Domino is a type of flat rectangular block, with one face bearing an arrangement of dots or pips and the other blank or marked only with a line or ridge to separate it visually into two squares. A domino has a value, which is determined by the number of pips on one end, and a rank or weight, which is a combination of the values of the other ends. The highest ranking domino is the double-six, and the lowest is the single-blank, which has no value. A complete set of dominoes consists of 28 tiles.
A domino is a building block that can be used to create patterns of lines and curves, a grid that forms pictures when it falls, or even 3D structures like towers and pyramids. They’re also often used in games that involve arranging them on the floor and then “flicking” them to cause them to fall.
When a single domino falls, it can start a chain reaction that leads to the toppling of several other dominoes. The power of this effect can be harnessed to make things happen faster and more efficiently.
The domino principle can be applied to many different situations, and is particularly helpful when trying to change a habit that may not be easy to break. As with a domino, good habits are those that contribute to a bigger goal and can be broken down into smaller chunks that are easier to manage. For example, if you’re trying to work out more often, breaking down that goal into smaller, manageable steps may help you keep on track and achieve it.
Physicist Stephen Morris, who works at the University of Toronto, says that when a domino is standing upright it has potential energy because it is being held up against gravity. When you knock over a domino, much of this energy is converted to kinetic energy — the energy that causes it to move. This new form of energy is then passed along to other dominoes until the entire chain collapses.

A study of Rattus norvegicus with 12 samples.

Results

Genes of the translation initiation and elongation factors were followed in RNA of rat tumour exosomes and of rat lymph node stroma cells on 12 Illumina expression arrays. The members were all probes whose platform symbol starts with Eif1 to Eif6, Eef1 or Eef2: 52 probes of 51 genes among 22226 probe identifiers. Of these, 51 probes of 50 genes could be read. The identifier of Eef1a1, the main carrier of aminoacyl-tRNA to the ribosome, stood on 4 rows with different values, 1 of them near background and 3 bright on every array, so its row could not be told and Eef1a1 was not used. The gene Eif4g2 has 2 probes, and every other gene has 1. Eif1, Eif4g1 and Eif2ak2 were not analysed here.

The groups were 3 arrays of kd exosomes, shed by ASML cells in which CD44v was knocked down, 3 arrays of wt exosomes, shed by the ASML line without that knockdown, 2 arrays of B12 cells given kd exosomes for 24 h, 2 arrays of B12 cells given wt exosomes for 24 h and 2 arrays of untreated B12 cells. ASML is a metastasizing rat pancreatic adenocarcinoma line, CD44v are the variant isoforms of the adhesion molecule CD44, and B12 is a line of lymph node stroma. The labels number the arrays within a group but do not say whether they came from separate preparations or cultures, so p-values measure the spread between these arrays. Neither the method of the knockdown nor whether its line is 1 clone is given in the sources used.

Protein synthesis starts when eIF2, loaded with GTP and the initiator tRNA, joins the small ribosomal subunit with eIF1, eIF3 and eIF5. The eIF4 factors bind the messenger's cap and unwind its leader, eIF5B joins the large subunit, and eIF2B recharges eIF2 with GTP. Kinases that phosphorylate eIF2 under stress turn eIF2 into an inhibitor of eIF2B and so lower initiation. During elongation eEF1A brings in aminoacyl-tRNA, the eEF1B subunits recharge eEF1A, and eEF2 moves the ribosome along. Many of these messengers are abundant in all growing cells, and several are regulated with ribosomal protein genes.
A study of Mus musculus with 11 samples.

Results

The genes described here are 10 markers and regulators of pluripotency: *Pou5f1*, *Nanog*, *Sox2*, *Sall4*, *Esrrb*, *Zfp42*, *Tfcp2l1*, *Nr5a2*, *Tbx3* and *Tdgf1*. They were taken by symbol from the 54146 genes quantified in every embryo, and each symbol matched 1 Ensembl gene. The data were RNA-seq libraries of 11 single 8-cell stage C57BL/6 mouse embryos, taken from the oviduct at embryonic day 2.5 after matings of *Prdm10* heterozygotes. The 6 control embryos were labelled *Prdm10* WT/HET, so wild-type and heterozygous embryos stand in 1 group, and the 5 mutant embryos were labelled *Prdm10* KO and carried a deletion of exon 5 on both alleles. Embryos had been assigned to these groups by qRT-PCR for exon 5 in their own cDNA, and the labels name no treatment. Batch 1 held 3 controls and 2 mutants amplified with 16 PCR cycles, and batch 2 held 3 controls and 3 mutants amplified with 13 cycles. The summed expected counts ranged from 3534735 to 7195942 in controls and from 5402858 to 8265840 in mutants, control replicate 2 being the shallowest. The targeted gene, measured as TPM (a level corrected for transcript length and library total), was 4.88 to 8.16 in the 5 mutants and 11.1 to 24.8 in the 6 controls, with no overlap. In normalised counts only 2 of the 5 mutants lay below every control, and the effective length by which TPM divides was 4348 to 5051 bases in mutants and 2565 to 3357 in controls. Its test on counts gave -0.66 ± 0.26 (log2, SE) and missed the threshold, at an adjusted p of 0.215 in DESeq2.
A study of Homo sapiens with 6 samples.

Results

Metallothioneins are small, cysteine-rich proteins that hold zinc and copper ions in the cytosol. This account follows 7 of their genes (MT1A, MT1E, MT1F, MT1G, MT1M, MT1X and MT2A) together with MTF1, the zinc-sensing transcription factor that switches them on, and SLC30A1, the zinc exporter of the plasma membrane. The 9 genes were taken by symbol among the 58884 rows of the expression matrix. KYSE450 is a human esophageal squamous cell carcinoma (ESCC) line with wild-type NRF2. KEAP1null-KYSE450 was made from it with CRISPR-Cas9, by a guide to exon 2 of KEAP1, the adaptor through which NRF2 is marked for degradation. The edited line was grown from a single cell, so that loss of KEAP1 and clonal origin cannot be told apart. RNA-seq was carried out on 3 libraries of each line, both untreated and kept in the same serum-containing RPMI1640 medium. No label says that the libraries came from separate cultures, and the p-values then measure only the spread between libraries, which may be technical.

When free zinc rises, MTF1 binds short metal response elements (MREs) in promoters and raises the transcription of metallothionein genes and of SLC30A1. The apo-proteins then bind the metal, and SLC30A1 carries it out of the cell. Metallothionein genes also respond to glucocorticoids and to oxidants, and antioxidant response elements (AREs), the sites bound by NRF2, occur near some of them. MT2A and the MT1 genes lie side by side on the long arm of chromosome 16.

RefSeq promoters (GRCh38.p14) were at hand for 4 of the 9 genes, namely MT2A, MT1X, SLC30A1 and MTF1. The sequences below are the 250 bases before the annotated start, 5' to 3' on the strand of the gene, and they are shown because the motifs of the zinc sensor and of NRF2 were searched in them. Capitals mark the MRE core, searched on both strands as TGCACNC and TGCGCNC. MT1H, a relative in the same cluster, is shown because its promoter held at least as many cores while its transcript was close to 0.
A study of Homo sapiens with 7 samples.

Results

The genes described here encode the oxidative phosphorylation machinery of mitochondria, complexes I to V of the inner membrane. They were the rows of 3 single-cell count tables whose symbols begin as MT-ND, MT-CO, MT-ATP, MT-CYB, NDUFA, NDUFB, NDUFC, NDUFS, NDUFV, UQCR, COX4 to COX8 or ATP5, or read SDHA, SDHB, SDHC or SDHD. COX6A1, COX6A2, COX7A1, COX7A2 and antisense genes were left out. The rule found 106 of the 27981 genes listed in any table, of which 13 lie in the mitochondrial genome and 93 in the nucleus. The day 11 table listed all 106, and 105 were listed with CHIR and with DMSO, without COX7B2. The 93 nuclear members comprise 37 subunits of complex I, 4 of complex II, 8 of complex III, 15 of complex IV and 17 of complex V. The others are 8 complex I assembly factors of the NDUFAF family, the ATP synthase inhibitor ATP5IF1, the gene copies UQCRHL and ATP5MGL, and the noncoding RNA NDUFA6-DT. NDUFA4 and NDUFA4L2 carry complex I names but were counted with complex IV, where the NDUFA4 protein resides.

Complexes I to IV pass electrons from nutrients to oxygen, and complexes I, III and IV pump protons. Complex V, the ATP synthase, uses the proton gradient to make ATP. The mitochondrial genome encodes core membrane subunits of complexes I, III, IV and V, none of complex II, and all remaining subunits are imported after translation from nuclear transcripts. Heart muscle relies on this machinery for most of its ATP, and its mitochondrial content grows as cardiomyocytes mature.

Dominoes are usually played on a table, and each player in turn places one on the table so that it touches the end of a domino already on the table and has a value matching that of one or both of its ends. Depending on the game, each tile may only be positioned so that its values match those of one or more other dominoes and does not exceed a specified total. When a player cannot play a domino, that player “chips out” of the game and passes to his or her opponent.
Lily Hevesh, 20, began playing with dominoes when she was 9 years old, and her grandparents gave her the classic 28-piece set. Her passion for creating intricate domino layouts eventually turned into a profession, and she now travels the world to work on projects that require thousands of pieces. She has even worked on domino installations for Hollywood movies and TV shows, including an event to launch a Katy Perry album.